By Richard Anklam, Deb Hadley and Keene Winters, former members of the Wausau City Council
It is time to say it again. Wausau needs a city administrator.
For the better part of this century, the three of us have held front-row seats to the dysfunction at city hall. With mounting debt and complex legal and development issues on the horizon, Wausau needs to take its management team to a higher level.
Now, with the 2019 budget being drafted and the likely departure of Economic Development Director Christian Schock imminent, there is a window of opportunity to address the fundamental lack of accountability in the city’s governance structure.
What does lack of accountability look like? Remember back on Jan. 9, the city council voted to replace Barker Financial, LLC, with Quantium Ventures, LLC, as the developer for the east side riverfront project. Yet no one on the staff bothered to draft the agreement as directed by a council resolution signed by the mayor. That is a good example of no one being accountable.
The fact that directives are not followed is a problem on its face. Neither the finance director, the economic development director nor the city attorney took up the task in January, February, March or April. Under the current system, the department heads are co-equals. Each of them can say that he or she was not in charge of giving direction to the others.
This particular failure, however, created a situation where the city effectively had two alternative developers for the same project. On paper, the only signed agreement is with Dave Barker of Barker Financial. Yet, from Jan. 9 going forward, Mike Frantz from Quantium Ventures was everywhere playing the role of developer. He could be found introducing new partners, signing up tenants, directing the subcontractors, giving updates to the council and announcing plans to add more floors. Meanwhile city officials repeatedly assured the council and the public that Frantz was “the guy” and that he largely had his financing in place and was meeting all project benchmarks. So, when the liens finally burst that bubble on May 8, the council and everyone else was shocked to learn that Barker Financial was still the developer of record.
Now, the city enters this legal entanglement where the defacto developer and the developer of record are different entities. Because of the development agreement fumble, both erstwhile developers now have a plausible legal position that someone else was responsible.
It is unfortunately beginning to look like the most expeditious way through this mess is for the city to pay everyone off and absorb the legal fees. If you thought the loss of $2.5 million in federal funds for Thomas Street was an expensive staff error, just wait. A new record is coming.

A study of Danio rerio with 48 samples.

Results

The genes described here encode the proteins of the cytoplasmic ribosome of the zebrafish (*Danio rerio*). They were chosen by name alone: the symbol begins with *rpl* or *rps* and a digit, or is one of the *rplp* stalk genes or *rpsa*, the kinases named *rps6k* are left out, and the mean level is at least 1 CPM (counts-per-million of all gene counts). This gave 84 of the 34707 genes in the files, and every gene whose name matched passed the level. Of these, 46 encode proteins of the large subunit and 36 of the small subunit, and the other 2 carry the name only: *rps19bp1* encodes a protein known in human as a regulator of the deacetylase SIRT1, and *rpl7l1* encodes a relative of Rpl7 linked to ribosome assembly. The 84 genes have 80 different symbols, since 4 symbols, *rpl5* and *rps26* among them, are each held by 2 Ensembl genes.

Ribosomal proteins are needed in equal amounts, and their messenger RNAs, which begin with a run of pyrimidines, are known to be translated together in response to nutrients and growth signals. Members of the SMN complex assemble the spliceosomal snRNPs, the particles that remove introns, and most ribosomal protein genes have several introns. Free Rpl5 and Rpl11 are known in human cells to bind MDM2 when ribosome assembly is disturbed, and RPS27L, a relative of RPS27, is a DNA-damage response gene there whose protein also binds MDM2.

The fact is that these type of errors should not happen in a city like Wausau. We are the 17th largest of 600 or so municipalities in Wisconsin. Wausau’s staff include two attorneys, two CPAs, engineers and senior economic development professionals. By definition all of the city’s department heads are in the top three percent of their profession statewide. There should be no multi-million mistakes.
Things just are not going to get better until we end the current structure that allows city department heads to disclaim responsibility for any given task with impunity. What we need is an administrator who the council can fire at will and who has the ability to supervise, hire and fire the department heads at will. We need clear lines of responsibility.
The budget is the vehicle to do this type of restructuring, and the fact that at least one department head position may soon be vacant is a bonus for restructuring. The time has come for the council to direct the mayor to develop a budget that redefines the lines of responsibility at city hall and includes an administrator.
Lastly, we acknowledge that we have not said much about the mayor to this point. It would be fair to observe that in course of four months of weekly staff meetings the mayor apparently never assigned the task of drafting the development agreement nor inquired about its progress. Clearly, that is a failure. If the voters want to hold him accountable in 2020, they can — assuming he has an opponent. But, until then, he is an unsupervised person who is legally entitled to his current salary whether he is good at administration or not.
Lack of mayoral accountability in the time between elections is another weakness of the current system. One of the reasons we may be at a tipping point is the number of people who see Mayor Mielke’s unwillingness to acknowledge any error in the Frantz debacle as both incredible and out of touch. However, it should be remembered that Mielke is not the first mayor to inhabit the bubble at city hall and become oblivious to the staff failings around him. It has been a chronic problem.
This is an appeal to the council for corrective action. We urge them to schedule a vote on whether to include a city administrator position in the 2019 budget as soon as possible.